Brother-Sister Valedictorians Credit Their Success to Academic Rigor at Central High

SIBLING VALEDICTORIANS -- Frances Wilson, along with her brother, Dr. Sandy Wilson, reminisce  on their time at Central High School

SIBLING VALEDICTORIANS — Frances Wilson, along with her brother, Dr. Sandy Wilson, reminisce on their time at Central High School

Preston Fore, Staff Writer

Central High School has always encouraged its students to follow their dreams and strive for greatness. Dr. Sandy Wilson, along with his sister, Frances, were nothing less of exceptional throughout their years at Central, in college, and afterwards in their careers. Both siblings graduated as valedictorian of their class of 1976 and 1972, respectively.

Frances Wilson, class of 1972, was young enough to attend the original Central High School as a seventh grader. However, she was able to attend the newer J.B. Brown Middle School for the next two years, which green-lighted her way as a high school student at Central.

“Transferring to the new J.B. Brown was just a fact of life. Back then, as a 13 year old, you just went where you were told,” recalled Frances, “My major memory of the new Central is those pods. In my days, the teachers had their desks in the middle of the pods. We had to walk around the outside of the pods to get to class and girls were required to wear dresses or skirts…”

After graduating in 1972, Frances earned her Bachelor of Arts in Mathematics and Master of Science in Applied Mathematics while studying German abroad when she attended Middle Tennessee State University, the University of Tennessee Space Institute in Tullahoma, and at the University of (West) Berlin. Throughout her extensive educational career, she became a scientific programmer at the McDonnell Douglas Corporation.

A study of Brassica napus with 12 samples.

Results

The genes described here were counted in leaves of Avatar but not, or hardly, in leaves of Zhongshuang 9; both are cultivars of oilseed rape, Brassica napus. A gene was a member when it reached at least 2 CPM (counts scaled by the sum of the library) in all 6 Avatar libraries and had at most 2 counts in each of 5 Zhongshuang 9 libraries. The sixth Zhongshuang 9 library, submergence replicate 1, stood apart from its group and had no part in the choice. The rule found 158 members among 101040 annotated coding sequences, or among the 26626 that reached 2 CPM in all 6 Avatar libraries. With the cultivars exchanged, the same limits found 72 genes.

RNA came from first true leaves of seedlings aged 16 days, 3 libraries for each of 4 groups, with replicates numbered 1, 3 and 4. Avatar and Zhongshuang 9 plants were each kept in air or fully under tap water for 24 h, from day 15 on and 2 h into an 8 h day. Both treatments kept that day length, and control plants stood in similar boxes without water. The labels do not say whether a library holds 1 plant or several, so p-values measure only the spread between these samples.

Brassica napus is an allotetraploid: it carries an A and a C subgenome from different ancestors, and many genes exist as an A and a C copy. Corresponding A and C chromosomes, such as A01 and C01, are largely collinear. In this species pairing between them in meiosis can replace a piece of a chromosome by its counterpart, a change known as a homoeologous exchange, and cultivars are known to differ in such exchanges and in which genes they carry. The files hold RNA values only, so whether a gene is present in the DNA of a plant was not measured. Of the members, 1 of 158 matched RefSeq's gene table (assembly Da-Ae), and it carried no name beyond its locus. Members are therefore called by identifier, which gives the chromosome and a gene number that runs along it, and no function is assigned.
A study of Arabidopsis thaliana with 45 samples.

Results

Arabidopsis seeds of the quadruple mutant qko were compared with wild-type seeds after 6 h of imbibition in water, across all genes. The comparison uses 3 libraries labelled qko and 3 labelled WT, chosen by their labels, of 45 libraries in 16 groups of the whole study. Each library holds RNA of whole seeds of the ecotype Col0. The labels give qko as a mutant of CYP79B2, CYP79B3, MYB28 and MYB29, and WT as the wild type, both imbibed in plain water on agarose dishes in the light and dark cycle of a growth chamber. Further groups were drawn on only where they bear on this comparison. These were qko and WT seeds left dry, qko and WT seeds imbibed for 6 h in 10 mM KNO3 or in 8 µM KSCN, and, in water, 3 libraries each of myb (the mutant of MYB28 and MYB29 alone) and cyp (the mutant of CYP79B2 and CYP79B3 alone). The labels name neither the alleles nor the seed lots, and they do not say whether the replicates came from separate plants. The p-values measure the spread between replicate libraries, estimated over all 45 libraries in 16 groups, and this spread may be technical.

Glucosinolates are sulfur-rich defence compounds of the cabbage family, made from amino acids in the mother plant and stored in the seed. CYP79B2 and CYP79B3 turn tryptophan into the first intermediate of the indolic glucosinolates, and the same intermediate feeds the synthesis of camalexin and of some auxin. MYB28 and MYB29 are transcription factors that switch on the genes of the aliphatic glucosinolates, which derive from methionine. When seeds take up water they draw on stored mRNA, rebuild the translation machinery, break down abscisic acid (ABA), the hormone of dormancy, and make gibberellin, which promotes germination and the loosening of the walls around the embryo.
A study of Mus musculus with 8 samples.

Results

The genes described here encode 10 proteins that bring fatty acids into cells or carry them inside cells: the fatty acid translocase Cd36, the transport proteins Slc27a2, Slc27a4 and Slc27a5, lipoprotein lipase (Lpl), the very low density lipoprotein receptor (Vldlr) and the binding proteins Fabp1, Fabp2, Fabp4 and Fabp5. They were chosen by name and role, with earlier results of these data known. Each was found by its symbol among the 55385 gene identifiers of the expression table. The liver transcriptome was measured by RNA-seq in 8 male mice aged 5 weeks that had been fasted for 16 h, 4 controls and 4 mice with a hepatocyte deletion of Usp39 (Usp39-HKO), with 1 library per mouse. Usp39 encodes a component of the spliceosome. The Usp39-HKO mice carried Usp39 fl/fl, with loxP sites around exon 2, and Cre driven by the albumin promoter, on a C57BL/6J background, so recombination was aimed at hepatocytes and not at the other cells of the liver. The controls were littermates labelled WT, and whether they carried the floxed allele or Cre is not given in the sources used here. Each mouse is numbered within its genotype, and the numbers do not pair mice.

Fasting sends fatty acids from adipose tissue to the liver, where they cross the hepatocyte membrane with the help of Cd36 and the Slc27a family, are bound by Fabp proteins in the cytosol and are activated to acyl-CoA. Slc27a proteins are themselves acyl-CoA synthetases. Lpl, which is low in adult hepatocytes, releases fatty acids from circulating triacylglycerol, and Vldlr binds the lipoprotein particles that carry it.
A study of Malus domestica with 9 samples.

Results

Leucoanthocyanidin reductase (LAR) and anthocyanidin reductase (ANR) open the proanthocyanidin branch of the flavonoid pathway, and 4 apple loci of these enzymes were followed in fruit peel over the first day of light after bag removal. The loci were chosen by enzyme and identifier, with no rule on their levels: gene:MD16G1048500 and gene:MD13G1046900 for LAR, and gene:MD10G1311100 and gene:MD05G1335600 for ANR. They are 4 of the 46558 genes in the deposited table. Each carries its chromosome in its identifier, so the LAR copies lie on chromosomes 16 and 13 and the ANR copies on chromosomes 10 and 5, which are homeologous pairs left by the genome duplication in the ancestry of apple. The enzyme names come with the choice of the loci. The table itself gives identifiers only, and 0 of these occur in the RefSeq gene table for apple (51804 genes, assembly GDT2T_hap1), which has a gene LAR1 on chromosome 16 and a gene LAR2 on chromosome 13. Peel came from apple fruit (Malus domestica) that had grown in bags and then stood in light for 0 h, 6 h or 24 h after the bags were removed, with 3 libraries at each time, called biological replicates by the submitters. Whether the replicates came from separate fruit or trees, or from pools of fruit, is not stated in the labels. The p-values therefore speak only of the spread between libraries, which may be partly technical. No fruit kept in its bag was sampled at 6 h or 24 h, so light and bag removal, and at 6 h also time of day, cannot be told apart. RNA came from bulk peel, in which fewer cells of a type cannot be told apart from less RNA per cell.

“I loved working as a programmer. If I could have managed raising three children while continuing to work, I would have. There were of a couple of us women programming where I work. Most of us were math majors who had gotten into computer programming. We were talented, worked hard, and dressed for success in the female version of men’s clothing,” explained Frances

Success seems to run through the Wilson family. Dr. Sandy Wilson, of the class of 1976, along with being valedictorian of his class, was also Cadet Colonel.

“Mostly I remember the teachers. [My physics teacher], Mr. Rogers and I won a trip to AT&T Bell Laboratory in Murray Hill, New Jersey in 1976. I actually saw the very first fiber optic cables  being developed in that lab. At the time, I had no idea what I was seeing would change the world in ten years,” shared Sandy.

Dr. Wilson’s experiences at Central lead him to a very successful college and professional careers. He attended Georgia Tech University from  1976 to 1981, where he achieved a double Bachelors degree in mathematics and physics, then went on to receive a masters in physics. Soon after receiving a doctorate degree in theoretical physics at the University of Texas at Austin, Dr. Sandy Wilson began his career involvement with radar system analysis.

“After getting my Doctorate, I got a job with MIT’s Lincoln Laboratory in Lexington, Maryland. Lincoln is an FFRDC, a Federally Funded Research and Development Center. These places are line-item things for Congress to fund on a yearly basis,” recollected Sandy.

Continuing the radar analysis, in 2005, Sandy began working at Phase IV Systems in Huntsville, Alabama after 18 successful years passing of north-eastern weather.

“In 2010 I joined the Georgia Tech Research Institute, also doing radar.  This felt like coming home as you might imagine.  Currently I work for the Missile Defence Agency (MDA) developing software to extract data from the binary files output by the four types of Ballistic Missile Defence (BMD) radars deployed by our military,” said Sandy.

The mighty successful sibling valedictorians, Frances and Sandy, keep in touch with one another. Frances currently resides in the Dallas area, and Dr. Sandy Wilson lives right outside Huntsville, Alabama. Both have individually shaped their lives into what they have wanted it to be, as mighty successful adults, with their interests beginning at Chattanooga Central High School.

“Central shaped the way I am today with the excellent education I received there between 1969 and 1972. We had excellent teachers who held us to a high standard,” deemed Frances Wilson.

The Central Digest encourages students to strive for greatness and to not let anyone get in the way of pursing their dreams and careers.